Women football fans forced to show bras while being searched at match


Women were made to show their bras to security staff while queueing to enter a football match over the weekend according to fans, in a move that has attracted fierce criticism.

The Guardian reports that at least 10 female Grimsby Town supporters had their bras “checked” by stewards at Stevenage football club, ahead of a match between the two League Two teams on Saturday.

The “mortified” women were asked to lift up their tops for security reasons outside Stevenage FC’s Lamex Stadium, according to Grimsby Town supporters’ group Mariners Trust.

One of the women was reportedly 70 years old. While the request for the fans to show their bras was made by female stewards, it was done in full view of male supporters and stewards.

Mariners Trust has written a letter to Stevenage FC about the incidents, stating that the Grimsby Town fans had been “shocked and stunned” and felt that they had been subjected to a “gross invasion of privacy”.

The group said that female stewards were asked to feel supporters’ bras if the women confirmed that they were underwired. “This act would effectively constitute a sexual assault and these types of searches are unlawful,” said the Mariners Trust in its letter.


Lamex Stadium in Hertfordshire, home to Stevenage FC, where Grimsby Town supporters say they were told to show their bras to stewards.

Children as young as five were also allegedly searched in a way that made them feel “upset” and intimidated.

Stevenage FC’s safety officer, Steve Reed, said that security measures at the match on Saturday were unusually stringent because they believed that there was a high risk of antisocial behaviour, and suspected that banned items might be sneaked into the stadium by women and children.

“Stewards used for this role in the away section of the stadium were provided by a reputable agency and are qualified to act as such,” he said.

“Searches conducted are recorded on CCTV and on this occasion, were in the presence of deployed police officers.

“No incidents were recorded on the day of any inappropriate behaviour towards female supporters or young spectators. Had such incidents been either reported or flagged up, the issues would have been dealt with immediately.”

When contacted by, a spokesperson for Hertfordshire police said that no reports had yet been made to police about the stewards’ behaviour.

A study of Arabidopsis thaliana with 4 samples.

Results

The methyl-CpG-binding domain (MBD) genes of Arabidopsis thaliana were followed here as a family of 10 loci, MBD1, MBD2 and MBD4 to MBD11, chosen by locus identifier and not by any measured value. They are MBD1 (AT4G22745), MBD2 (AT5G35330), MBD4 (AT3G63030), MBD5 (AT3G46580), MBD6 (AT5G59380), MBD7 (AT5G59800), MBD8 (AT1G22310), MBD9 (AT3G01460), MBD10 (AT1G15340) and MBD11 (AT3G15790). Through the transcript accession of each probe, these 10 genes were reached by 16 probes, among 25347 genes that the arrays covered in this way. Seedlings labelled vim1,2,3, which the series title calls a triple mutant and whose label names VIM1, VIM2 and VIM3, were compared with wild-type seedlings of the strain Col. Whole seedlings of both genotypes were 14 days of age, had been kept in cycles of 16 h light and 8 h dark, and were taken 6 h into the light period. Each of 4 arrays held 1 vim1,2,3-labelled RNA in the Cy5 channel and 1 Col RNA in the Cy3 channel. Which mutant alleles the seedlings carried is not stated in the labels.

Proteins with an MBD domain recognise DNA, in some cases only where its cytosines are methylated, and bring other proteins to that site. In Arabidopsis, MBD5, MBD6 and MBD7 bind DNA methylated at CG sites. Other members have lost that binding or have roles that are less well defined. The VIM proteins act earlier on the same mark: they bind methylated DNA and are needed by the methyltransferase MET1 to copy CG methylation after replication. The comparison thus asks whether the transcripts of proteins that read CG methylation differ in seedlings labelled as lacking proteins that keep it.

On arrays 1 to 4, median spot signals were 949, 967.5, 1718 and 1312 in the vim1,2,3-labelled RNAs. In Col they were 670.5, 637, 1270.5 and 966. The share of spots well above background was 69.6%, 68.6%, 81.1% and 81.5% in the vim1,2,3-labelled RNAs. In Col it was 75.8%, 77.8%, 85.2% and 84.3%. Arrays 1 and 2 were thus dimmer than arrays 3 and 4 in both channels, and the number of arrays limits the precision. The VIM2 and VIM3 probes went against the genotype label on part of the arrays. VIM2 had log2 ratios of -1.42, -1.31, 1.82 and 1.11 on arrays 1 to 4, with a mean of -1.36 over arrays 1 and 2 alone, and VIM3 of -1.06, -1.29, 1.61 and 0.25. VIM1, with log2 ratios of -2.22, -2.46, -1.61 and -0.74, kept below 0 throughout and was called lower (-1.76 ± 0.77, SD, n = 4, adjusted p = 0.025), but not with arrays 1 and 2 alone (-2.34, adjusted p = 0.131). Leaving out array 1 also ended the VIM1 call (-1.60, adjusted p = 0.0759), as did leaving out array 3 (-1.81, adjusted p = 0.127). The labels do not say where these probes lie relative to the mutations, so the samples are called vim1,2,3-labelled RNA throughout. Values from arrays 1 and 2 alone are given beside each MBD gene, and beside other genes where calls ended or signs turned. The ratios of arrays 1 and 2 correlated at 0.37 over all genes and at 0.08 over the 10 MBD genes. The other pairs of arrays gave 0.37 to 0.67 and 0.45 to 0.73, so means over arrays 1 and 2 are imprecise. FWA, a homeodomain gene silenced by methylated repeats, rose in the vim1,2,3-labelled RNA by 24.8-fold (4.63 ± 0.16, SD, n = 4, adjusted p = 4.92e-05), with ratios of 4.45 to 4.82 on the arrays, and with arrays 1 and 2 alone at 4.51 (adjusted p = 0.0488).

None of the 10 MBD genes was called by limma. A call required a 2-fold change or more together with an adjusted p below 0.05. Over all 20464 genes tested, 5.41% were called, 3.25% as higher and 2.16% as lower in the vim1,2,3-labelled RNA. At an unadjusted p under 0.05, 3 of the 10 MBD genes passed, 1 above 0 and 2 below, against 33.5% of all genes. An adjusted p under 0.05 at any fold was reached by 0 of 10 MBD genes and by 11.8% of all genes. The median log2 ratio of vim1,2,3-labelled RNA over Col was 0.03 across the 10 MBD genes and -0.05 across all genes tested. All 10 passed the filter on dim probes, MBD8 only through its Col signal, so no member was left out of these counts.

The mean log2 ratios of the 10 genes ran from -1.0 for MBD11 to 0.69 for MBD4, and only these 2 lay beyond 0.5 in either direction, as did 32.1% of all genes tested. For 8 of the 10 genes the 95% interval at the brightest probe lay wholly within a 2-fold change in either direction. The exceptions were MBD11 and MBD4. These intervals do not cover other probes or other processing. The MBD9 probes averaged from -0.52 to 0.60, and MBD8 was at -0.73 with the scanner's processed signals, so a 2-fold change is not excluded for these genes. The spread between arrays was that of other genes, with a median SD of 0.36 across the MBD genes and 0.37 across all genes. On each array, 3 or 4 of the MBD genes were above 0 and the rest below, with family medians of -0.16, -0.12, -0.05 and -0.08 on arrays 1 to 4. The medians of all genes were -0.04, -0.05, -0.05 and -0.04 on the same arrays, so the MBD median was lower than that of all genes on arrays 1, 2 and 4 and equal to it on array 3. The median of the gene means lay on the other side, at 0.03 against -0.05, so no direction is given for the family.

“Police officers were in attendance at the match but were not involved in any of the searches that were carried out by stewards.

“At this stage no allegations have been made to Hertfordshire Constabulary in relation to the actions of stewards at the football match. If any allegations are made to police these will be fully investigated.”


Security staff should not ask you to show your bra during a search before an event.

Are security staff allowed to ask you to show your bra while being searched at an event?

We all understand that sometimes events require increased security – but we also know how important it is to feel safe and respected by event staff.

We got in touch with an international security company that provides stewarding staff for major events, and asked them how searches should be conducted. While nobody on their team was prepared to speak on the record, a spokeswoman gave us an overview of how you should expect to be treated while being searched at events such as a football match.

“At football grounds, staff will predominantly be searching for weapons and alcohol,” she explained. “You don’t actually need to remove items of clothing to carry out effective searches to find these items.”

Stewarding staff should use their hands or “wands” (portable metal detectors of the kind used at airports) to search you, the spokeswoman continued. “Hands can feel enough through [fabric], and wands go through clothing, so removing anything wouldn’t be necessary,” she said.

It would be extremely unusual for a strip search to be necessary at an event such as a football match, but if it was, it should not be carried out by stewards, she said. “[Strip searches] should be done by the police in a police environment.”

So if you are asked by security staff to show your bra, something isn’t right – and you always have the right to refuse to comply.

Images: iStock / Rex Features



Moya is Women's Editor at, where she is currently overseeing the Visible Women campaign. Carrying a tiny bottle of hot sauce on her person at all times is one of the many traits she shares with both Beyoncé and Hillary Clinton.